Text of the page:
Jeff’s On Call!: Employer PSA Limitations


This week’s inquiry comes from Michael Evdemon II:


I am a veteran recruiter for 2 ½ decades in the insurance industry. During that time, I’ve benefited tremendously from your writing, legal knowledge, and improvement of our profession.

My concern is that many of the employer PSA’s (placement service agreements) mandate that the search is only for the specific position. This cuts our effectiveness and ability to make additional placements by at least half — before we even pick up the phone or send an email.

It also undercuts what a professional search firm should be doing for a client. The recruiter is prevented from presenting highly-qualified candidates that have been determined to be an asset to the client. Why would a quality search firm be denied to inform an organization like that?

From your writing, it seems this is legal as long as the exclusion is job-related. But what can we do about it?

Thanks for your anticipated reply!



Hi Michael,

Great to hear from one of the search superstars of the insurance industry!

My assistant Beverly still has the thoughtful thank-you letter you wrote her on March 13, 1996 when you were just starting your business. You were a class act from the beginning, and it’s undoubtedly a major reason for your 2½-decade success.

I have great news for you and all the other recruiters who think they’re bound by position-specific PSA’s (placement service agreements). But first, let’s review what they do:

These employer-generated masterpieces attempt to give the client total control over the placement process. They contractually foreclose referrals for other positions two ways:

  1. Expressly by stating that payment for referrals of candidates for any other position won’t be honored.
  2. Impliedly by simply identifying the target job or by a “through HR only” procedure that enables HR to block any attempt to refer candidates for other positions.

If you understand the mindset of an employer lawyer, you know why this happens. It’s among the many unintended consequences of an overwritten agreement.

HR types ask employer lawyers to draft PSA’s for political reasons. It can take years to get one of these babies done, so it’s job security for years. The result is contractual power they don’t have naturally. As an HR manager for almost a decade, I can give you all the business reasons for PSA’s (runaway recruiters, outrageous placement fees, wild supervisors, whatever). But no manager really concerned about the bottom line cares about that nonsense. He wants the most productive people possible working at capacity.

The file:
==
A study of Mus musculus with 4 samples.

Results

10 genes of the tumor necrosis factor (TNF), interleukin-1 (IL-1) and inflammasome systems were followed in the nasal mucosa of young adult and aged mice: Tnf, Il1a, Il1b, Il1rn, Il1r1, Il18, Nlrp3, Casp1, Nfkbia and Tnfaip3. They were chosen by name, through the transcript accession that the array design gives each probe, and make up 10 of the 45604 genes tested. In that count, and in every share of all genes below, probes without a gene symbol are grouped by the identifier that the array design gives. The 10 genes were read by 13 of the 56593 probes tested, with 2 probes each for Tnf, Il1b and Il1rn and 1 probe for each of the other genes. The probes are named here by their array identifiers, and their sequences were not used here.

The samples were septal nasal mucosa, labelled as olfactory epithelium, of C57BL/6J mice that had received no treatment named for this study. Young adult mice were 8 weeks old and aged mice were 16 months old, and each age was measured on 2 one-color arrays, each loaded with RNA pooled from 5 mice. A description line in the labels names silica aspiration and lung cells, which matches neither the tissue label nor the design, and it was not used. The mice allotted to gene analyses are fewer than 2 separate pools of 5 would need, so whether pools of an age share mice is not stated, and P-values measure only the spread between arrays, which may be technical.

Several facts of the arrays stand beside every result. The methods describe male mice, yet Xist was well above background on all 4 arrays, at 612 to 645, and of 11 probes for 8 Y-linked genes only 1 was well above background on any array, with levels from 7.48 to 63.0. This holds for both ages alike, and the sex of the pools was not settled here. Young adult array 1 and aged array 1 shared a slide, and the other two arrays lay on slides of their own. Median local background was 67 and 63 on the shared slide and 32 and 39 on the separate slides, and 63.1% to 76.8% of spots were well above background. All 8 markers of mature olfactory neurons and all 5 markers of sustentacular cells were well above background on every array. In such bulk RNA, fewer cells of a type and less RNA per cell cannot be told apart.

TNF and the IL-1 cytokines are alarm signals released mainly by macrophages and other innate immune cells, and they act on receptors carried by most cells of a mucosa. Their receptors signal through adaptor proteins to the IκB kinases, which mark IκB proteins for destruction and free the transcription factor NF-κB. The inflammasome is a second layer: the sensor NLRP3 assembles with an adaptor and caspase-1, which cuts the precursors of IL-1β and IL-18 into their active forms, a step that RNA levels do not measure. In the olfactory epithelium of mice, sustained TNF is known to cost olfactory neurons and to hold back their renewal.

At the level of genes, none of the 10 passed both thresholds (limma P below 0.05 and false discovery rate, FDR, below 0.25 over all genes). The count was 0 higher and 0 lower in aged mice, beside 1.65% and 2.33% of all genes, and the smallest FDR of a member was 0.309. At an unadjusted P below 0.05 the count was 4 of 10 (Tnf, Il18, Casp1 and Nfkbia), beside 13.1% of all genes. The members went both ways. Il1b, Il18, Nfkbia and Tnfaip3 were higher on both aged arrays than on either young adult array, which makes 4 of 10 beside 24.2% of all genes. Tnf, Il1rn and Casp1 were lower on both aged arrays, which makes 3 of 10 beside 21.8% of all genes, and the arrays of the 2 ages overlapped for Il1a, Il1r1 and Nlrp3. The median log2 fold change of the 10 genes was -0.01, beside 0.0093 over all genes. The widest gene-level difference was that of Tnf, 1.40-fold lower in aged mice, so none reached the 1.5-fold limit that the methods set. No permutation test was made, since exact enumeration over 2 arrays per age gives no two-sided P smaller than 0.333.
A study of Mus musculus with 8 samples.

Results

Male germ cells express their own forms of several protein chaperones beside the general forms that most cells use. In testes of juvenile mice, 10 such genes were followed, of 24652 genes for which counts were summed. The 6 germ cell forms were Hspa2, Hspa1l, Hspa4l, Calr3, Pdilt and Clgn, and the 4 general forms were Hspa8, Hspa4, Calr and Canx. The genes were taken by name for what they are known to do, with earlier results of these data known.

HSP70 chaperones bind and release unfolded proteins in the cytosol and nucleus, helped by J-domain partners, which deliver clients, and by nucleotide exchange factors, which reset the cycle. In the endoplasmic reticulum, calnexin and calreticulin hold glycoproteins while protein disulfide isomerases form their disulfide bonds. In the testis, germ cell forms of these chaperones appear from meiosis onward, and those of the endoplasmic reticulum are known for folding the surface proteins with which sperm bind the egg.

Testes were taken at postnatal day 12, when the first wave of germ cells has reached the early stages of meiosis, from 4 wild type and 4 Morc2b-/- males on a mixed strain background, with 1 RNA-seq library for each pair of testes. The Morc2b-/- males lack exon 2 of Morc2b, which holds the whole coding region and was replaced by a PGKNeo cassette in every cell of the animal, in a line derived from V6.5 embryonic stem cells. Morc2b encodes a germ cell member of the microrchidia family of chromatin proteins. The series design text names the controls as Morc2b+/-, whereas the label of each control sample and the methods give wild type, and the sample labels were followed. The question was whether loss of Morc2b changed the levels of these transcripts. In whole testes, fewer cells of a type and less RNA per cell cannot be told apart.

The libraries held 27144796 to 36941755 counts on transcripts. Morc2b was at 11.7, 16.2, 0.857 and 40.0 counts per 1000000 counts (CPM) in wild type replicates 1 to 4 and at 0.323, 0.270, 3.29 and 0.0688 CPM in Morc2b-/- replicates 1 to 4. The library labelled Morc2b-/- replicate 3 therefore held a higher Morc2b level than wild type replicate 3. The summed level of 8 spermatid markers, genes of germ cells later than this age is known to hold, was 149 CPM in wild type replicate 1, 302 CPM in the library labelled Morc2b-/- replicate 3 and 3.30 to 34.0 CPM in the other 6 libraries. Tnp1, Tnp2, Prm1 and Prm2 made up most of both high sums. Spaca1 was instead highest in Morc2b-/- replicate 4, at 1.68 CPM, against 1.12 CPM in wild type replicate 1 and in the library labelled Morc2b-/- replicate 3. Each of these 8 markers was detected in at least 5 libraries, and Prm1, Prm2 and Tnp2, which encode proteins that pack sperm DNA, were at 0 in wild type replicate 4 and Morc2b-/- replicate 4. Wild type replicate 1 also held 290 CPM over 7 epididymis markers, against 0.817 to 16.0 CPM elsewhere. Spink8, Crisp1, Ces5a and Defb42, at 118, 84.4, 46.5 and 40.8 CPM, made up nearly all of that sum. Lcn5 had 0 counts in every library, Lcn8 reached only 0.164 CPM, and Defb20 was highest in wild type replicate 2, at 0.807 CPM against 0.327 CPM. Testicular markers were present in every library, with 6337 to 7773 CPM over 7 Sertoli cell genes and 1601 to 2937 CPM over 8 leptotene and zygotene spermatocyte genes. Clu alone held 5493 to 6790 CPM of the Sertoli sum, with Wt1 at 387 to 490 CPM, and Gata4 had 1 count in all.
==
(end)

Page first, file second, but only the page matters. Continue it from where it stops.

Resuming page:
That brings us to the two reasons you can get paid for presenting anyone you like to anyone you like at any PSA’ed client. These reasons are based on common law principles. That means common-sense, judge-made, fair judicial precedents (tradition) in the United States. Common law principles permeate our entire system of laws.

The two that apply here are:

  1. The rule of construction.
  2. This says simply that any ambiguities (uncertainties) in a contract are construed (interpreted) against the maker of the contract.

    Now that you know this, look at any position-specific PSA. (1) What does it say about foreclosing non-position referrals? Nothing? (2) What does it require the client to do if a non-position referral occurs? Nothing? (3) What does it say about notifying the recruiter that the candidate for a non-position isn’t being considered? Nothing?

    See what I mean? And I haven’t even seen the PSA!

  3. Waiver and estoppel.
  4. A waiver is the voluntary relinquishment of a known right. Estoppel means that when a party waives the right, it is estopped (stopped or prevented) from asserting that right.

    This occurs when you send a resume directly to a hiring authority. The PSA clearly says “through HR only.” No ambiguity, but a positive response to the resume overrides the contract term. Actions speak louder than words. Common law common sense. Waiver of the contract right, ergo estoppel preventing it as a defense to payment of a full fee upon hire.

So I’m delighted to post this reply along with my wishes to you for another 2½ decades of continued success!

Best always,


If you have a legal question you’d like to have Jeff answer here on The Fordyce Letter, check out Jeff’s On Call! and submit your question.